Consideration of Choosing a Camcorder



With camcorders, VHS, VHS-C and 8mm formats generally have lower prices than S-VHS, Hi-8 and Digital formats. However, when a model becomes older, its price drops, and more and more manufacturers are making higher resolution camcorders and selling them at lower prices. Price range is from $300 to $5,000. Most of the camcorders fall within $400 to $1000 with an average price of $500.


Camcorders can be in different formats, which indicate the type of tape that the camcorder uses, and the method of recording the information. The key differences among camcorders are their compatibility with a VCR (whether you can play the tape directly in the VCR, or have to play it by hooking the camcorder up to the television), maximum recording time, and picture resolution (measured in horizontal lines). Available formats are VHS, VHS-C, S-VHS, 8mm, Hi-8, MiniDV, Digital8, and MiniDisc. Here is a list of the current formats and their features:

  • VHS
    • Records directly onto a VHS tape, which means it can be played in the VCR with no adapters.
    • One tape holds about 2 hours.
    • Lower resolution (250 lines)
  • VHS-C
    • Records onto a compact VHS tape which can be played in your VCR with an adapter.
    • One tape holds 40 minutes.
    • Resolution is the same as VHS, about 250 lines.
  • S-VHS
    • Records onto S-VHS tapes, which are playable only with the camcorder or an S-VHS VCR.
    • One tape holds 2 hours.
    • Resolution jumps from the VHS standard of 250 lines to around 400 lines.
  • 8mm
    • Records onto 8mm tapes, which are smaller than VHS, but can only be played with the camcorder.
    • One tape holds up to 5 hours.
    • Resolution is about 270 lines.
  • Hi-8
    • Records onto 8mm tapes, which aren’t compatible with a VHS VCR.
    • One tape holds up to 5 hours.
    • Hi-8s improve on the 8mm format, increasing the resolution to around 400 lines.
  • Mini-DV
    • Records images digitally, with a very clear picture and no reduction in picture quality with copying.
    • Uses tiny mini-DV cassettes, which must be played back through the camcorder onto the television.
    • Recording time can vary from from 30 minutes up to 2 hours.
    • MiniDV camcorders have the highest resolution of all the camcorders, at about 500 lines.
  • Digital 8
    • Records images digitally with a very clear picture and no reduction in picture quality with copying.
    • Records on 8mm cassettes instead of mini-DV (these are cheaper, and any 8mm recording will play on the camcorder).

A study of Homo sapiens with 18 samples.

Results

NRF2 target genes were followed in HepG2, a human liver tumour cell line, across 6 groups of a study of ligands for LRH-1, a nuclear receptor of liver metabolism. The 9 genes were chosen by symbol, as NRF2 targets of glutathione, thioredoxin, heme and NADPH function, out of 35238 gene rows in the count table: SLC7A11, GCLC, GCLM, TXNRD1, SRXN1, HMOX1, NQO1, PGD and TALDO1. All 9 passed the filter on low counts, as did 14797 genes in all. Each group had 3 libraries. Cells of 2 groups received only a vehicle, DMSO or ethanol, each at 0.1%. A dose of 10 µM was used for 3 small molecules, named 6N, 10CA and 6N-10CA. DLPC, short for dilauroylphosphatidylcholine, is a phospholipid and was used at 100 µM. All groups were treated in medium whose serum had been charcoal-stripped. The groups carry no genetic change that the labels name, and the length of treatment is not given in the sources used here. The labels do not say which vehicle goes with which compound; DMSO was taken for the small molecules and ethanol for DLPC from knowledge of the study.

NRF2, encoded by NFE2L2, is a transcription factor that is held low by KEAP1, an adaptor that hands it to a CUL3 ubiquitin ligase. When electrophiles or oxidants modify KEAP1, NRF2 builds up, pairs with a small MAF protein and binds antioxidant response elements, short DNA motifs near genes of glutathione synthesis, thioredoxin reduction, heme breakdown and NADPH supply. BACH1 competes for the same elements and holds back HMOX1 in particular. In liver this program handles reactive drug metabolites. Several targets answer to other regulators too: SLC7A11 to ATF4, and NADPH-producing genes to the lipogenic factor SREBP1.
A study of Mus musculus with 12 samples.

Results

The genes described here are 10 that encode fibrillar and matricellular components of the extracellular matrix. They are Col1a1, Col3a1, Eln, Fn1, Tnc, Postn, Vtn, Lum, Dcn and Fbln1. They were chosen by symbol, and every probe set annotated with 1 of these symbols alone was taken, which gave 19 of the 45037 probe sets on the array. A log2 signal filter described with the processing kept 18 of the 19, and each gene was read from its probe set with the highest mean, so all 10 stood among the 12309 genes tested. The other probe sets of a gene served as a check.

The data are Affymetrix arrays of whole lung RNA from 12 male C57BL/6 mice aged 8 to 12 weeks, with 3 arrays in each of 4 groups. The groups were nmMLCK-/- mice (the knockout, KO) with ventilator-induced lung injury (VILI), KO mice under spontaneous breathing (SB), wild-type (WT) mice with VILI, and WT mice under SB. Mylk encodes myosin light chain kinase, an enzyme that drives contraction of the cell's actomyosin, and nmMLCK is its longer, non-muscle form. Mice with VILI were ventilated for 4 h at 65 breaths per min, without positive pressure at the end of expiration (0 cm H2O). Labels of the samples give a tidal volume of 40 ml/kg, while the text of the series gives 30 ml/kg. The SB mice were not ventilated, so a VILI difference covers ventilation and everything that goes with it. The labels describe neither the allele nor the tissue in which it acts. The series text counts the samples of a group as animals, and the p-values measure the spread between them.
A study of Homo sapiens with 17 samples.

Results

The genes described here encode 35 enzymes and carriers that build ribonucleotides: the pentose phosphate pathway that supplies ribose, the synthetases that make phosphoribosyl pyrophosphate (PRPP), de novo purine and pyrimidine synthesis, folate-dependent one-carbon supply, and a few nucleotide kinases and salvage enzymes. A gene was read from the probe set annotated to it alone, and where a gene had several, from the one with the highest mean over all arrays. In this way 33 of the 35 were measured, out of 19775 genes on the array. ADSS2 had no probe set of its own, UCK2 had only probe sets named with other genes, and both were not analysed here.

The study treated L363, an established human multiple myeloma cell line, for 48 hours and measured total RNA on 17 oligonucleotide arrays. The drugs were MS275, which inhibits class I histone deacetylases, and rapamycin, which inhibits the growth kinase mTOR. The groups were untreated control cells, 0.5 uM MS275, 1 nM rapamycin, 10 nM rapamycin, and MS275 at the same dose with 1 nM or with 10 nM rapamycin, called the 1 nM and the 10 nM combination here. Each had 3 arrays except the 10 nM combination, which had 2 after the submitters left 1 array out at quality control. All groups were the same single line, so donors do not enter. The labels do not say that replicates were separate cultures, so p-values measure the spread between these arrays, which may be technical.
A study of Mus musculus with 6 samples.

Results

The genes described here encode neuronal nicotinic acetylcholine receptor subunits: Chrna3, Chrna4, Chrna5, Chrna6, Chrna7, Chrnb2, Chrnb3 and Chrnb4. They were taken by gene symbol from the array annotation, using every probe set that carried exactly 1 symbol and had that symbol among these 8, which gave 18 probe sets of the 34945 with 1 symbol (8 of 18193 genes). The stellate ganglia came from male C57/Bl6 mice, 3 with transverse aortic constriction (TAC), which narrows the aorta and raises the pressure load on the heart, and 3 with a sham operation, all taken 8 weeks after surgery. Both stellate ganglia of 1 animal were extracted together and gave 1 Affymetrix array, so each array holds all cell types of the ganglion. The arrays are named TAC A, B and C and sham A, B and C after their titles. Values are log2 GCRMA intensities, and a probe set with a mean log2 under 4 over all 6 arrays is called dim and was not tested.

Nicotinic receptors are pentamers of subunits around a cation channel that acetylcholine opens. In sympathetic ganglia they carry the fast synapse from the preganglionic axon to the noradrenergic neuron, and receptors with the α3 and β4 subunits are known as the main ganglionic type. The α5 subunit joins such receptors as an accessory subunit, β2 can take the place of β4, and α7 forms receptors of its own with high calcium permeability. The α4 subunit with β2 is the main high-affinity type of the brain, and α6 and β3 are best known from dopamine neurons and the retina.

• One tape holds about 2 1/2 hours.
    • Resolution is around 500 lines.
  • Mini-Disc
    • Records images digitally with a very clear picture and no reduction in picture quality with copying.
    • Records onto minidiscs, which allows for easy editing and minidisc sound quality.
    • One minidisc holds about 20 minutes of digital video.
    • Resolution is around 500 lines.

(Vaughan, 1998; What’s the best camcorder? [on-line])

Image Stabilization

This feature steadies the video and so that the shakiness which is common with hand-held camcorders is mostly eliminated. It can be done digitally or with the optical lenses. Manufacturers have different terms for this feature, such as Electronic Image Stabilizer (EIS) or Steady Shot. Horizontal Resolution

The maximum number of vertical lines counted horizontally across the screen. The higher the resolution, the better the picture.

LCD Monitor

The Liquid Crystal Display monitor can be used as a viewfinder or playback screen. It comes in a range of sizes, and is often put on a swivel so that it can be turned around for different viewing angles.

Optical Zoom

This allows the viewer to focus in on far away objects with the touch of a button. An optical zoom rated at 16X means that the camcorder can magnify the image up to 16 times larger than normal. There are two types of zoom, optical and digital. All cameras have optical zooms and most have digital. Optical zooms range from 10 up to 26X magnification, while digital zooms can be over 300X. An optical zoom uses the actual lens to magnify the image, whereas a digital zoom uses
computer imaging to magnify the image. Although, digital zooms can go much farther than optical, they sacrifice quality as they are only computer approximations of the image, rather than the actual image (Active Buyer’s Guide [on-line]).


Camcorders have gotten progressively more compact, and today’s models are the smallest yet. In general, VHS camcorders are the largest and heaviest, with S-VHS camcorders a bit smaller. The VHS-C is much more compact, but generally not as lightweight as the 8mm or Hi-8 camcorders. Digitals are the smallest ones on the market; in fact some of them are even small enough to fit in a pocket. These are general guidelines, however, there are some amazingly small
8mm camcorders and larger digital camcorders packed with features. Keep in mind that the more compact camcorders often come with a higher price tag (What’s the best camcorder? [on-line]).

Color Viewfinder

This is a great feature, especially for those who don’t have an LCD monitor. A color viewfinder allows you to check the balance of colors, and see whether the settings need any adjustment.